There is much to be said about old friends. In quotes, in the five regrets of the dying, in The Golden Girls theme song. But life gets busy, doesn’t it? It gets complicated—marriages, jobs, kids, errands. Friendships that were once part of us seem to fade into the background as lives grow and shift.
Being the always optimist, the queen of nostalgia, the friend who probably holds on just a little too tight, I have always seen the value in the old. The familiar. I’m the person who orders the same menu item every time at my favorite restaurant. I’m the one who is always there for an old friend, no matter what.
Growing older, I’ve been gently (and not so gently) reminded that some people are not meant to live in our lives forever. I spent a good portion of my 30s trying unsuccessfully to disprove this notion. Clutching to the old with desperation as I felt people I loved slipping away. It still hurts my heart now, wishing life didn’t go this way.
It is difficult to discern who to fight for and who to let go. I’m still working on it. Praying about it. Getting clarity on it. My thoughts on it are this (maybe you remember this little rhyme): “make new friends, but keep the old, one is silver and the other gold.”
Yes, we need to grow and shift. Yes, there are people in our lives who will sadly go. Yes, some of the new friends I have made in my 40s give me something fresh, a version of myself I didn’t know was there. That matters. That’s special. I’m thankful for it and cherish it. It’s silver, and it’s beautiful.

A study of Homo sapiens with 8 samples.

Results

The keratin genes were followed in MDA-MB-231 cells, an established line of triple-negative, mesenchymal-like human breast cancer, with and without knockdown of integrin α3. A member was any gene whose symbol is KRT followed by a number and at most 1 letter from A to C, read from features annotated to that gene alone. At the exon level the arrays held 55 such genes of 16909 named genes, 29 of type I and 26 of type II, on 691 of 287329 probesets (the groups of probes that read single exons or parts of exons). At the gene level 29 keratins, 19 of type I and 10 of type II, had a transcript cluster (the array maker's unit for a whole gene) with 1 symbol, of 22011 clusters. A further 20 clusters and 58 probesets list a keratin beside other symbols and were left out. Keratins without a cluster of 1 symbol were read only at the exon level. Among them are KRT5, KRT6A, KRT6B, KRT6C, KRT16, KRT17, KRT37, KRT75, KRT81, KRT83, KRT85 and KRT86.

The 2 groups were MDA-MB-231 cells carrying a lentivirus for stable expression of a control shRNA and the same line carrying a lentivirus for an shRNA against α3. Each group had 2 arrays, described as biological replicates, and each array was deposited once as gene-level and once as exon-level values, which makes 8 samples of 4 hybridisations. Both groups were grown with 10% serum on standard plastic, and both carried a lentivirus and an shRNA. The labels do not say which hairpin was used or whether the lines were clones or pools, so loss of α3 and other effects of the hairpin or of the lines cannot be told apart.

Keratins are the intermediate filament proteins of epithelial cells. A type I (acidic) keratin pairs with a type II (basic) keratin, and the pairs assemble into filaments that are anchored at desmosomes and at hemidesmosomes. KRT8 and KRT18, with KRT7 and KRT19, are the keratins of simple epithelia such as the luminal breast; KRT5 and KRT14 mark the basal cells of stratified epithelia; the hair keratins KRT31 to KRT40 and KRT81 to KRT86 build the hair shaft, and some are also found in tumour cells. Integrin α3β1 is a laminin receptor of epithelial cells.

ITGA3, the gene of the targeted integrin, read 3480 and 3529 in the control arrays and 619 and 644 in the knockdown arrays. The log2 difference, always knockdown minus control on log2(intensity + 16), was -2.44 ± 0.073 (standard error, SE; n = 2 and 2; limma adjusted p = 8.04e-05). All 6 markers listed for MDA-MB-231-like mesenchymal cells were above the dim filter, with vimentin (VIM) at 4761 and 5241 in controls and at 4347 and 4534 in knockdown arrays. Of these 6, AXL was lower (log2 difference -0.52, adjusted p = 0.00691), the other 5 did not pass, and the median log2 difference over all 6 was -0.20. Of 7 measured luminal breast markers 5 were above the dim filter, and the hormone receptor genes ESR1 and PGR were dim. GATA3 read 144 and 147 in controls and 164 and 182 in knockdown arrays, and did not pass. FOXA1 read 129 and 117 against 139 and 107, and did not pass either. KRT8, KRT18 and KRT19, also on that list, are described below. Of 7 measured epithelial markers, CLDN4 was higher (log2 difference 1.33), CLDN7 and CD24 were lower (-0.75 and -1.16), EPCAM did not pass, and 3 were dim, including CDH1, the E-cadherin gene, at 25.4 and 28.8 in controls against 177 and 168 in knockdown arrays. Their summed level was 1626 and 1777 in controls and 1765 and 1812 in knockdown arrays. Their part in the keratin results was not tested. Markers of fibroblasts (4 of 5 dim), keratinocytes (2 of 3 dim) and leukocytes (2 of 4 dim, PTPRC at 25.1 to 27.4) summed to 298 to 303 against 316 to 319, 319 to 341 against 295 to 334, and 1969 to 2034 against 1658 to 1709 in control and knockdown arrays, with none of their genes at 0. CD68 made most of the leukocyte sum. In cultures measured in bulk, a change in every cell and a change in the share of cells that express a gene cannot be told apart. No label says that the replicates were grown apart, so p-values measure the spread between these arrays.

Yet, there is something so special about a person who remembers that amazing Halloween costume you wore in fifth grade, knows the dynamic with your mom (who can be a handful), and was there for that breakup. Not only has he or she heard that crazy story you always tell but lived it with you in realtime.
That friend understands and navigates your quirks seamlessly and without explanation, knew your parent who has now passed away, and hands you the ketchup first because they know you love it.
He or she still sees you as a carefree 23-year-old bartender and not just a mom, and doesn’t think you look any different than you did in middle school because that’s the only you they know. They have experienced a version of you that you wish you still had a piece of, was with you for some of the happiest moments of your life—taking that trip, getting that positive pregnancy test, being offered that amazing job, the first person you called with life-altering news.
Growing up is beautiful. It’s inevitable. Sometimes it’s sad. Friend breakups are the worst kind of breakups, and I’ve had a few of those. I’m old enough now to have experienced the reality of some old friends passing away. What I wouldn’t give for one more laugh, one more long talk, one more mundane Sunday of working together at a bar—things that when you are young, you don’t realize will eventually end.
Maybe today, take five minutes or 50 and call that old friend. Send the text. Make the plan (and don’t cancel it). Let them know how glad you are to be their friend. Make sure they know that, to you, they are gold. You’ll never regret it.